Lynch covers everything from layer types, work flows, blending methods and channels. Each tutorial goes into great detail on how to achieve your given task and also explains why particular tools are used and how. The only real problem is that all this detail tends to leave the expert user wanting to skip through the book.
Beginners (and even a few intermediate) Photoshop users, as well as people new to pixel-level creativity software, general image editing and photo editing deserve an explanation of layers. For the uninitiated then, here's an explanation of layers from Virtual Training Help Center: http://iit.bloomu.edu/vthc/Photoshop/Basics/layers.htm "Layers are like transparencies stacked one on top of one another." Each layer can contain a different image, effect or modification which can stand out from, enhance or blend in with the contents of all the layers above and below it. When the layers are stacked, they appear as a single image. Individual layers in a Photoshop image can be turned on or off, allowing images to be saved in various different states. Parts of one layer can be used to hide or reveal parts of another layer. The list of functional and creative possibilities for layers goes on and on, and remains one of several important reasons that Photoshop, relatively early in its existence, garnered such widespread use by graphic artists and photographers around the world.
Beginners still not clear? Here's another explanation, this one from photoshopcafe.com: "A layer is simply one image stacked on top of another. Imagine I have a piece of paper and I paint it red. Then I take a piece of clear cellophane and paint a yellow circle, and lay it over the paper. Now I take another piece of cellophane and paint some blue type and lay that on top of the yellow circle. I now have a background (red) and 2 layers (yellow and blue)."
The Photoshop Roadmap and FreeTimeFoto explain layers this way: "Photoshop Layers are like stacks of images printed on acetate. An area that contains no color can be revealed to see the layer underneath it. That's called a transparency area. One Photoshop image can contain one or more layers. A Background Layer is a special layer with no transparency area and is common to other file formats that don't support layers (JPEG, BMP, etc.). When you open those file formats in Photoshop you will have only a Background Layer. One image file can contain only one Background Layer. In Photoshop, Background Layer can not be edited. A Type Layer is a special layer that can contain only text. It can be created automatically when you use the Photoshop Type Tool to type in any texts."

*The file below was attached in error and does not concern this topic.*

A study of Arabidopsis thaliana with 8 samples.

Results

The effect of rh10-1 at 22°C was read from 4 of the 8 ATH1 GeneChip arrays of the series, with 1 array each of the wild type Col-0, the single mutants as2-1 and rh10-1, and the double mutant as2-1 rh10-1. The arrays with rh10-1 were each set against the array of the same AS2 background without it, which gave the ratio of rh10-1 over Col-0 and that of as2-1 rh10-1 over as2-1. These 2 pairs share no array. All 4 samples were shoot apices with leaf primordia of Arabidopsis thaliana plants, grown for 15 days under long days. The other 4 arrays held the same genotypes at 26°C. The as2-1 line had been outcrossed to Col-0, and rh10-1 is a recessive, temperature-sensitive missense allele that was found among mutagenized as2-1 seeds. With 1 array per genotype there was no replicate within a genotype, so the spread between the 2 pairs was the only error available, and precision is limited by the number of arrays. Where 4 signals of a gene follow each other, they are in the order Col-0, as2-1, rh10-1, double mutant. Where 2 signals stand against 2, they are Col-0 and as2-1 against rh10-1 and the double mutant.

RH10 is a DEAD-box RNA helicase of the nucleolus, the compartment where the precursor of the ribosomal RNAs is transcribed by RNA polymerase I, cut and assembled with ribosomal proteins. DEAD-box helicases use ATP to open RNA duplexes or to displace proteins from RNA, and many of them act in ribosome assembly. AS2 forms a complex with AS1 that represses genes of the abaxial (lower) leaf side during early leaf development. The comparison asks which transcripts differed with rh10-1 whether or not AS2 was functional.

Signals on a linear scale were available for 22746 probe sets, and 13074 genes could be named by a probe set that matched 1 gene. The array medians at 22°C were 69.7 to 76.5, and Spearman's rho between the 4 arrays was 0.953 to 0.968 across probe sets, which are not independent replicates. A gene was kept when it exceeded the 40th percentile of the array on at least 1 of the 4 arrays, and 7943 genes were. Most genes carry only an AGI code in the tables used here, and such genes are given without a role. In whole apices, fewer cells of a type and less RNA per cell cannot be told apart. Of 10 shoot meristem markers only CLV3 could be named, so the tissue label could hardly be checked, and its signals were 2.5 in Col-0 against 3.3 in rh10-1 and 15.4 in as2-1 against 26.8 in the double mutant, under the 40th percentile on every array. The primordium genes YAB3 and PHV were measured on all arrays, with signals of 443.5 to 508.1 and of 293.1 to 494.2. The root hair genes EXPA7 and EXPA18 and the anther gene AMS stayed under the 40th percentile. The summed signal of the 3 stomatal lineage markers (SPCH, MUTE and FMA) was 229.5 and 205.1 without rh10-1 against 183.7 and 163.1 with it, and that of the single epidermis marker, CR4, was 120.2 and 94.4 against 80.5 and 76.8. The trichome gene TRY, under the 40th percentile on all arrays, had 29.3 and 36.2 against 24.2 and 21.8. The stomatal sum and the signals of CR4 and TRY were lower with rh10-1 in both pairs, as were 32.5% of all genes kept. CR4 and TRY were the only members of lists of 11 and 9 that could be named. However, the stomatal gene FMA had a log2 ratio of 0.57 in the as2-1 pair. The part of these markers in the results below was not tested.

This description is from Jack Arraich's Photoshop Elements Tips: "Aside from the minor attraction of being able to keep your image organized by putting each element on its own separate labeled layer, the overwhelming advantage of layers is that they allow you to segregate your edits."
The Adobe Photoshop Layers Book uses a series of creative examples to expand the basic definitions of layers in ways that clearly demonstrate the depth and power of this important and versatile tool set in Photoshop.
Even though The Adobe Photoshop Layers Book mainly confirms much of what I already know and use in my daily professional work with Photoshop, I still found some useful new nuggets of information in chapter 7 - Advance Blending with Blend If, which focuses on the use of the advanced capabilities provided in the Layer Styles dialog.
As a long time user of Photoshop I found myself often smiling at several of the example projects in The Adobe Photoshop Layers Book because they echoed things I have encountered on past projects. I was however left feeling that the examples used in the book needed a little fleshing out. I would like to have seen an example matrix-type approach with several different types of images featured to show a range of results, especially in the Exploring Layer Modes chapter.
Cons: Too general in some sections for experienced users. Although most parts of the layers coverage is comprehensive, deeper examples could improve an already fine book.
Pros: Excellent hints and tips. Comprehensive coverage of Photoshop layers for beginner and intermediate users. Lynch seems to do a good job of avoiding computer platform bias, so Windows and Mac OS X users alike will derive equal value from the book. Relevant for most recent versions of Photoshop including Photoshop CS, Photoshop CS2, Photoshop CS3, Photoshop Elements 5 and Photoshop Elements 6. This excellent, focused book and its companion CD will no doubt open the eyes of many beginners and intermediate users about the functional and creative capabilities of layers in Photoshop. Highly recommended.